Although the European Commission is developing its own proposal for a European Directive on Waste from Electrical and Electronic Equipment (WEEE), Sweden recognizes a need for more immediate action. Other European countries, including the Netherlands, Denmark, Norway and Switzerland, have already enacted regulations in this field. In April of 2000, the Swedish Parliament adopted the Ordinance on Producer Responsibility for WEEE. It is expected to come into effect on July 1, 2001. Under this ordinance, when customers buy a new product, they can return an old product of the same type at no cost to them. As one of the main European manufacturers of electrical and electronic equipment, this is particularly important to Sweden and Swedish companies.

The Producer, defined as a professional manufacturer, importer or dealer of electrical and electronic equipment, has the responsibility to:

1. take back a piece of old equipment when the customer buys a new, at no cost to the consumer
2. inform households and others about this take back obligation
3. present a take back plan to the municipalities and participate in discussions about the take back plan, if the municipalities so wish
4. handle WEEE in an environmentally sound manner
5. provide a list of contents of the products when requested by the establishments carrying out pre-treatment operations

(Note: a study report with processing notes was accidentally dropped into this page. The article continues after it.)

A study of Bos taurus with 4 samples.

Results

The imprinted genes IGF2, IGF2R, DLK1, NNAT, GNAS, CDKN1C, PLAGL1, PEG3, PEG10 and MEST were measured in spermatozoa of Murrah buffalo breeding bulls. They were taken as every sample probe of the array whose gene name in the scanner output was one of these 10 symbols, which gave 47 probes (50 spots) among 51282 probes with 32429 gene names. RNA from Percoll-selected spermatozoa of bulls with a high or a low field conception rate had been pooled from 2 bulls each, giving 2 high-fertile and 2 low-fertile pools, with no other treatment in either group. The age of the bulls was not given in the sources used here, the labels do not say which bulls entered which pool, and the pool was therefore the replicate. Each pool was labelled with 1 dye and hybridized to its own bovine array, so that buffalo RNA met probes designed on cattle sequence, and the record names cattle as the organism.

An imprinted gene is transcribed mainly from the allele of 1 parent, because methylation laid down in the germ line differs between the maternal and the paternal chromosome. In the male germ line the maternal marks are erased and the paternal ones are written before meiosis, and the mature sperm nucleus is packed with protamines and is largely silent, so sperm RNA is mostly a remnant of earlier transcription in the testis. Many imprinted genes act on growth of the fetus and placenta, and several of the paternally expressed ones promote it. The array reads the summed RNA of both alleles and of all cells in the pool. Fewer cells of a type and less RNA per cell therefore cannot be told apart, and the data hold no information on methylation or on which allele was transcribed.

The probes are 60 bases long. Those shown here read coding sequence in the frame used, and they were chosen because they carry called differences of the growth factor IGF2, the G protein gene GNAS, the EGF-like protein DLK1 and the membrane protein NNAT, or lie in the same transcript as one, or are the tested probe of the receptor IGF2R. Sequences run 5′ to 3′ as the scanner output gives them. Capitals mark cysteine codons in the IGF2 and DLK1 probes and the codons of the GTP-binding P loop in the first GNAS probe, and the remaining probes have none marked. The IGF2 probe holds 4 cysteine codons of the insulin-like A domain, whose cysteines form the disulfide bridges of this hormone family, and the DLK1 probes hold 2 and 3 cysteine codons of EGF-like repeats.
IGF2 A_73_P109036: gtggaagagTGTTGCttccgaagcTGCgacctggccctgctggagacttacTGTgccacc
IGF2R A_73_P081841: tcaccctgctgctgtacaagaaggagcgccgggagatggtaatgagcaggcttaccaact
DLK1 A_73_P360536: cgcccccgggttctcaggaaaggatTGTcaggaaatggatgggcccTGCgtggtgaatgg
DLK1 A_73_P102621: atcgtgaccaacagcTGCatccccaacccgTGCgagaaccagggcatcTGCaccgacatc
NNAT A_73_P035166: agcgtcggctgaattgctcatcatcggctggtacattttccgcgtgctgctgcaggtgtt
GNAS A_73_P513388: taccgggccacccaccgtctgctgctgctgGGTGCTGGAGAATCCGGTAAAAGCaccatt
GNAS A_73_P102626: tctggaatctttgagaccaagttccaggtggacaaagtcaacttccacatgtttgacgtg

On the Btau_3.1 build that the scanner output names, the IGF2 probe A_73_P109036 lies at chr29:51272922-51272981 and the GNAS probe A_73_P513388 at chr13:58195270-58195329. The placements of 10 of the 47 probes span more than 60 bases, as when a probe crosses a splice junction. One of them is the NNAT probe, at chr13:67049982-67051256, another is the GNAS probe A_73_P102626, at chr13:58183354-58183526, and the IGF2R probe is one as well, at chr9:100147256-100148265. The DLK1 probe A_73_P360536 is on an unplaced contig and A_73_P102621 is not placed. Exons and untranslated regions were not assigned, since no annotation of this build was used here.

6. give the Swedish Environmental Protection Agency (SEPA), the data needed to monitor the
compliance of the ordinance.

The above list of requirements apply to the following categories of electrical and electronic equipment:

1. Household appliances*, tools and garden equipment
2. IT and office equipment
3. Telecommunication equipment
4. Television, audio and video equipment
5. Cameras and photo equipment
6. Clocks and watches
7. Games and toys
8. Lighting equipment
9. Medical equipment
10. Laboratory equipment

Section 25 of the Ordinance on Waste Collection and Disposal states WEEE must be treated at a certified establishment prior to landfilling, shredding or incineration. This provision is also projected to be in effect on July 1, 2001. The establishment carrying out treatment operations must have a certified quality management system or environmental management system according to the ISO 9000 or ISO 14000 series. Additional regulations, planned to come into effect on the same date as above, include:

1. recording the input and output volumes of waste
2. separate handling of components containing hazardous waste
3. separate handling of CRTs (cathode ray tubes), LCDs, plastics containing the brominated flame retardants PBB or PBDE, and
4. pollution prevention at the treatment site.

Impact on U.S. companies

These new regulations will impose higher costs for all manufacturers, both for those based in Europe as well as those based in non-EU countries. The role of agents, sales representatives, and distributors of products from non-EU based companies, has not yet been disclosed. However, this proposal will create new market opportunities for U.S. companies working on waste treatment, recovery and disposal of electrical and electronic equipment. Furthermore, the WEEE may stimulate a market for companies that manage the waste take-back programs.

Full text of the EU legislative proposal http://europa.eu.int/comm/environment/docum/0037_en.pdf

More information regarding ordinances in other European countries can be found at:
www.itri.co.uk/WEEE2.htm, www.eorm.rtis.com/sample2.htm, www.nema.org/papers/waste.html

Information provided by Lars-Erik Lilljelund, Director-General Swedish EPA and the Swedish Environmental Protection Agency.